When Saint Jean-Baptiste de La Salle founded the Brothers of the Christian Schools in 1680, he might not have foreseen that, 341 years later, young men would write about the benefits of his teaching methodology.
The French educator established charity schools and reformatories for boys, believing that education was key to forging a productive and law-abiding life. The same concept prevails at
87 Pine St. in Freeport, where for 20 years the De La Salle School has proved the validity of the LaSallian tradition. This year, to provide a review of the 2020-21 school season, the administrators decided to let graduates do the talking in a series of essays.
The essays provide honest snapshots of young people’s school journeys. Remote learning during the pandemic closures posed a major challenge for many of the students.
“I got really lazy online and was slacking off,” Nasir Wilkerson said. “Even in the face of that, every teacher along with Mrs. Becker never gave up on me. ... I improved and was very satisfied with how it turned out.”
Jose Munguia achieved a place on the High Honor Roll in his second quarter of seventh grade, “but then,” he wrote, “this new, deadly virus called Covid-19 struck the world. … I did not do any work and was too lazy to do anything. All I would do is play video games, eat and sleep. That school year ended terribly, and I was waiting for eighth grade.” The return to in-class instruction helped, and Munguia graduated well.
Jean Marie Becker is principal of the school, which serves boys in grades five through eight. Her name was referenced repeatedly in the essays written by the 18 graduates, along with the De La Salle teachers.
“Every lesson has been on how to live as a disciple of Jesus, which I carry for the rest of my life,” Steven Zavala wrote. “Along with other subjects, all teachers are great with their units and classes. They make it creative whether by making the students act in plays, do projects or group activities — there is always some entertainment going on.”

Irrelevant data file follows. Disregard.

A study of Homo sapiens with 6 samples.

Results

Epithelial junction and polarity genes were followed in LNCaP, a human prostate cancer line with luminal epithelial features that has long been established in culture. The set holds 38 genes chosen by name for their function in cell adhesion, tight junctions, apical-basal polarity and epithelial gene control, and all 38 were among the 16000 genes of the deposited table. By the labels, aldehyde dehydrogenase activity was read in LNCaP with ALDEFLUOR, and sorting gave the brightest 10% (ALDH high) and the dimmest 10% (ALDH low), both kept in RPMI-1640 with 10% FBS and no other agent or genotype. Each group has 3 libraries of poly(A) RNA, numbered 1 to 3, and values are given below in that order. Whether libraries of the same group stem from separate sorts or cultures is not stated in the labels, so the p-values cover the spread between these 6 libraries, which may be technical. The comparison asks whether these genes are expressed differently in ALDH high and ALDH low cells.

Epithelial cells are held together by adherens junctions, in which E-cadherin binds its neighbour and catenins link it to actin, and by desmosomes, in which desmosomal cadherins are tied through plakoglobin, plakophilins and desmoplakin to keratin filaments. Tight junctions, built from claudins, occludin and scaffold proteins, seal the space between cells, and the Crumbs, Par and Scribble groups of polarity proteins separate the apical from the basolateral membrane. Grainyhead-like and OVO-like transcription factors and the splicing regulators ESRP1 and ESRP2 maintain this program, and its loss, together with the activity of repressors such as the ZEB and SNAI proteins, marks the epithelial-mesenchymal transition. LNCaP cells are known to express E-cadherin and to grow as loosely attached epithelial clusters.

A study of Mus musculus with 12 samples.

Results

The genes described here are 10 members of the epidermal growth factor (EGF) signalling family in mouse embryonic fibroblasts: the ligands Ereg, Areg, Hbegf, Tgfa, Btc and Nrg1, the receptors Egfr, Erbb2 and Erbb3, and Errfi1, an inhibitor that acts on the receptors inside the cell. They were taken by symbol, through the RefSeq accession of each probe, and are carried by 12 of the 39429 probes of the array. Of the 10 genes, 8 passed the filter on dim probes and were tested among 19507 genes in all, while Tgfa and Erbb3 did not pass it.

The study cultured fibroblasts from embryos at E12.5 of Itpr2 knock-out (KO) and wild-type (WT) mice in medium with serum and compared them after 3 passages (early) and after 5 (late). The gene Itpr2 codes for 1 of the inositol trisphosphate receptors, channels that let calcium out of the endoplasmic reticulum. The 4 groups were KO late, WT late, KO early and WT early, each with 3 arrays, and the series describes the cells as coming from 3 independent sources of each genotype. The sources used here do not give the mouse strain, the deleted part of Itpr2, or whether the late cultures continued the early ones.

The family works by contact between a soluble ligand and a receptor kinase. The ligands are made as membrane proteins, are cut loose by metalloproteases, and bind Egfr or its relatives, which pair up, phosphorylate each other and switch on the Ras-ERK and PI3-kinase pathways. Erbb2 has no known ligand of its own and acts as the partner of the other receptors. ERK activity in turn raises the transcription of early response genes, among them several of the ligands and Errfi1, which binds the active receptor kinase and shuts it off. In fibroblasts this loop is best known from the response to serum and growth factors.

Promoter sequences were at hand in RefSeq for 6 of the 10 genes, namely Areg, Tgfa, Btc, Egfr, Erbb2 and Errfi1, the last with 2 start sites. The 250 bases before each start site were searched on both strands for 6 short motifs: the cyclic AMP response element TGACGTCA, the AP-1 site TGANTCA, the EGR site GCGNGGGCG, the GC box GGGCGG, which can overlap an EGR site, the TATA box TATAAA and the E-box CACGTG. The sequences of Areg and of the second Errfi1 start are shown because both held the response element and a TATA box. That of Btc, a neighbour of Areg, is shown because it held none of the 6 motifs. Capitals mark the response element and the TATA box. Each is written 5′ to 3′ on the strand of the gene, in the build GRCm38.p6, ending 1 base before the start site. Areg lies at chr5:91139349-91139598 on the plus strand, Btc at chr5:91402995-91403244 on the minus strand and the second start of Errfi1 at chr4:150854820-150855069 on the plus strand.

The school’s 72 students, said Director of Development Don Holden, come from families who desire a Catholic education, but cannot afford it. Families pay $80 per month as their share of tuition. The rest of the expenses are covered by donations. The school has managed Covi-19 protocols with close attention to federal Centers for Disease Control and Prevention guidelines.
“We opened the Wednesday after Labor Day,” Holden said. “We have fifth- and sixth-graders who are not old enough to be vaccinated yet. We wear masks. We practice social distancing, and we’ve been very fortunate. ... We’re doing the work that our mission dictates, which is to provide an education for those who are underserved in many of our communities.”
CDC protocols notwithstanding, a number of the graduates’ essays describe the sense of new hope they felt when they once again walked through the school doors. But the greatest emphases in the essays were the companionship of peers, the training in character and comportment that enabled them to face professional situations confidently, and the satisfaction of academic success.
Kelvin Lopez wrote that he had “learned how to be a De La Salle gentleman. This school has taught me a lot about God and my relationship with God. ... I came from a public school, and my grades were not good. This school taught me how to w
ork hard and to study.” Lopez’s academic work rocketed him to the Principal’s List.
For Frank Hernandez, academic work presented less difficulty than relating socially. “In the beginning,” he wrote, “I was super shy. I wouldn't talk to anyone and avoid them. Now, while I'm still a little shy ... I've grown closer to my friends, and I feel more comfortable talking to my teachers.”
William Gault, in his seventh year as executive director of De La Salle School, said the teaching, discipline and the Monday-to-Thursday homework help from 3:30 to 5 p.m. all contribute to a stellar graduation record. In 2021, all of the 18 graduates went on to private schools, mostly Catholic, having qualified for financial assistance.
“All of our kids tend to succeed on the Catholic High School Entrance Exam,” Holden said. “Our challenge is to find funding so that they’re able to go.”
“We’re very grateful to all of those people who support our mission here,” Holden said, ‘because it really provides the gift of hope to the young men entrusted to our care. ... You give somebody a glimmer of hope, you give them a reason to think positive and move forward.”